Members of the Marine Animal Entanglement Response team saved a whale named Valley this week from certain death, after the animal became entangled and eventually anchored by both line and heavy gear.

The heroes, or rock stars, as commentators on Facebook have been calling them this week, came to the rescue the distressed animal after a group on a whale watch excursion took notice of it.  Word eventually made it's way to members of the Marine Animal Entanglement Response at the Center for Coastal Studies in Provincetown, Massachusetts, a non-profit research and rescue organization.


Team members were able to use a cutting tool attached to a 30-foot long pole to cut her free, but not before attaching buoys to the line that eventually pulled the entanglement from her.

Valley swam away happier than a fish at high tide.

Center For Coastal Studies via Facebook
Center For Coastal Studies via Facebook

As we're all well aware by now, whales, or more specifically North Atlantic Right Whales, are an endangered specie, with only 300 to 400 of them left on the planet. These whales are mostly killed by being struck by a passing boat or ship, or by becoming entangled in fishing line.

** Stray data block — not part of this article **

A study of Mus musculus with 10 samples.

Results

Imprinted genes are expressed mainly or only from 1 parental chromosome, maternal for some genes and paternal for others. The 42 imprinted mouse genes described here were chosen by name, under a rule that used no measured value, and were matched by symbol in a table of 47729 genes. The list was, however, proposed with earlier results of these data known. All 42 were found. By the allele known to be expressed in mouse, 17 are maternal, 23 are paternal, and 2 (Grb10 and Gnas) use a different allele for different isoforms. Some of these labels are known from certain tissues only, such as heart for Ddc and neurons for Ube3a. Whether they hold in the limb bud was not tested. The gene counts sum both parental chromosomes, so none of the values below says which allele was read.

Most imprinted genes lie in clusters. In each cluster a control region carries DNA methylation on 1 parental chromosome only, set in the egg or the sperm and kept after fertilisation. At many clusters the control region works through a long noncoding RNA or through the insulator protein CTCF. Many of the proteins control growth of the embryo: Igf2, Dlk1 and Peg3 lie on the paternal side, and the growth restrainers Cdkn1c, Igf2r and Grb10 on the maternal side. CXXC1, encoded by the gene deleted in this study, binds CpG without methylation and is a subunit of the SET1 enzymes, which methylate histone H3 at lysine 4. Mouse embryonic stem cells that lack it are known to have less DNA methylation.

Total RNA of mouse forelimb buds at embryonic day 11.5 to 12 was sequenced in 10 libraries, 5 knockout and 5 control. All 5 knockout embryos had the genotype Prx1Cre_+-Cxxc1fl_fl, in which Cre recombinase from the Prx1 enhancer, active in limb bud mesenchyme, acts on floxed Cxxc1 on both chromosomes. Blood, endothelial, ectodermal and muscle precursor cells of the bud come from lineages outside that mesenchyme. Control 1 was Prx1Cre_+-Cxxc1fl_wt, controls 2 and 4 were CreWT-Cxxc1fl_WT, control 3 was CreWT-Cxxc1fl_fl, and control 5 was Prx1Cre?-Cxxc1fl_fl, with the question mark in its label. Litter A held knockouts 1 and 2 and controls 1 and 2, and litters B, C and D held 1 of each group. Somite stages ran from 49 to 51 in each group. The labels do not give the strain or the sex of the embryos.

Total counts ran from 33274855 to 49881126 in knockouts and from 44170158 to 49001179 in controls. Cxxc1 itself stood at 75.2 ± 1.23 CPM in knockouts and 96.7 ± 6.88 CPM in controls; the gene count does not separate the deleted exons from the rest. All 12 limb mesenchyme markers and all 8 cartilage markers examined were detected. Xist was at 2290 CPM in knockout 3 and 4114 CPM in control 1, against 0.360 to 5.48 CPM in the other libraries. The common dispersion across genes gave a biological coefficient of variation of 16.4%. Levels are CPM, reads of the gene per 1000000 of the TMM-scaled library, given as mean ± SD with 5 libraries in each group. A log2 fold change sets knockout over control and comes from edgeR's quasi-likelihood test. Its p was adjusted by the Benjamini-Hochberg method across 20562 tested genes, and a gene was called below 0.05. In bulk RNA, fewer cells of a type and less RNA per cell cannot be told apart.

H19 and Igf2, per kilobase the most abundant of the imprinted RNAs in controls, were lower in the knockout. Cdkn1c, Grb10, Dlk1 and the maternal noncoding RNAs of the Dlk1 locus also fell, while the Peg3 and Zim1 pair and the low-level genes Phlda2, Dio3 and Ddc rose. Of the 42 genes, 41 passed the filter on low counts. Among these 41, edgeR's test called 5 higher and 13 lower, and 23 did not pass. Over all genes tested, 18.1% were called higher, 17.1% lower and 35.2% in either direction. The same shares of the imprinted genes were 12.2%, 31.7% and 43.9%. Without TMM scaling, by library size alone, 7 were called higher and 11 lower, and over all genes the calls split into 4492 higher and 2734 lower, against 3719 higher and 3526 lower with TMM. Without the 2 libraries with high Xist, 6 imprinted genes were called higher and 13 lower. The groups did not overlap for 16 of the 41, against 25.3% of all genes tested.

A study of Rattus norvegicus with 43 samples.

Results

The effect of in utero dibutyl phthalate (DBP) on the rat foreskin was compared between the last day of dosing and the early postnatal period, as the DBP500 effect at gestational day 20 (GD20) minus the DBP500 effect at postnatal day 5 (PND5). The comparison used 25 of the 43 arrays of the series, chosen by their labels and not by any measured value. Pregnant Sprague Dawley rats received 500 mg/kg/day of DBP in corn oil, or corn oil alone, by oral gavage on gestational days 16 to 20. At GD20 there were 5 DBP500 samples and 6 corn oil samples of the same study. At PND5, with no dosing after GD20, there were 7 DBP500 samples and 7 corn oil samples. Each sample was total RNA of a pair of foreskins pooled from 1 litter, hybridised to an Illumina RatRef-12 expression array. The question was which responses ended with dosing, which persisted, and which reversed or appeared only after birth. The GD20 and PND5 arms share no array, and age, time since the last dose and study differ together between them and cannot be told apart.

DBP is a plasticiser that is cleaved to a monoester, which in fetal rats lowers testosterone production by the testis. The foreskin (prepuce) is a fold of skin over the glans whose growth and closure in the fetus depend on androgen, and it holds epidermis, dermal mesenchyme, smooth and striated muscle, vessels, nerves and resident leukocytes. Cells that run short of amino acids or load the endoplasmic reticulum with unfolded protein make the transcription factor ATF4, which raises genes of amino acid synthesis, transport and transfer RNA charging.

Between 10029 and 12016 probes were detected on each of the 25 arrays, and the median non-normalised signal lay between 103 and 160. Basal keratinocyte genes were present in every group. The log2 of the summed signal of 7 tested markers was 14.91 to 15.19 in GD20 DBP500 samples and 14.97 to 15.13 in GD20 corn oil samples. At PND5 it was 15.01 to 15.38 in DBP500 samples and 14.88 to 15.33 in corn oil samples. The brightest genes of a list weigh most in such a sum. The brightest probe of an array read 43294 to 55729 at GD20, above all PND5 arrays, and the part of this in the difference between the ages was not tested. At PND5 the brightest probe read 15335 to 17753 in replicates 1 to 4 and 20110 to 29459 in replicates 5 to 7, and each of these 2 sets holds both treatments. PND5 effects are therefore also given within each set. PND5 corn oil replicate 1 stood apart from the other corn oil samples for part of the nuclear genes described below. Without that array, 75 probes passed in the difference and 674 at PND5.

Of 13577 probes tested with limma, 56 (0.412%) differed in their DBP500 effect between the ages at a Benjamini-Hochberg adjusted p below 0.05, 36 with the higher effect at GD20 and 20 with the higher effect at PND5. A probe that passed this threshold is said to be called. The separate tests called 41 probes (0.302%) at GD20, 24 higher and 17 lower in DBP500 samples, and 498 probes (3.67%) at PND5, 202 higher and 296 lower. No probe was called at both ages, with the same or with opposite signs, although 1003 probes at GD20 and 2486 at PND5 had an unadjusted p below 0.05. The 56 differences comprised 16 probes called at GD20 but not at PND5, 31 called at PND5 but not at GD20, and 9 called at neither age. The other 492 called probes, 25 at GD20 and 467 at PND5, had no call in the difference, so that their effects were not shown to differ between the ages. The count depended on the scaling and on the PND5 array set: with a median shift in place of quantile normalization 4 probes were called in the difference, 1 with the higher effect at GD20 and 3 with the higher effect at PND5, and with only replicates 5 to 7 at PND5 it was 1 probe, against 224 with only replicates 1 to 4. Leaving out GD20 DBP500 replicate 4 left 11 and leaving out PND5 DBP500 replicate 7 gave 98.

Over the past few years conservationists and the fishing industry have struggled to come to a solution to save them, with Maine fishermen recently rallying at the State House in Augusta to voice their disapproval at submitted government recommendations.

We truly hope that at some point, somehow,  these whales are saved from extinction so that future generations here in Maine can see them frolic in the water like this one seen just off Blue Hill Bay last year.

If you happen across an entangled whale or any other marine animal that may be distressed you can call the State of Maine Department of Marine Resources Hotline at 1-800-532-9551.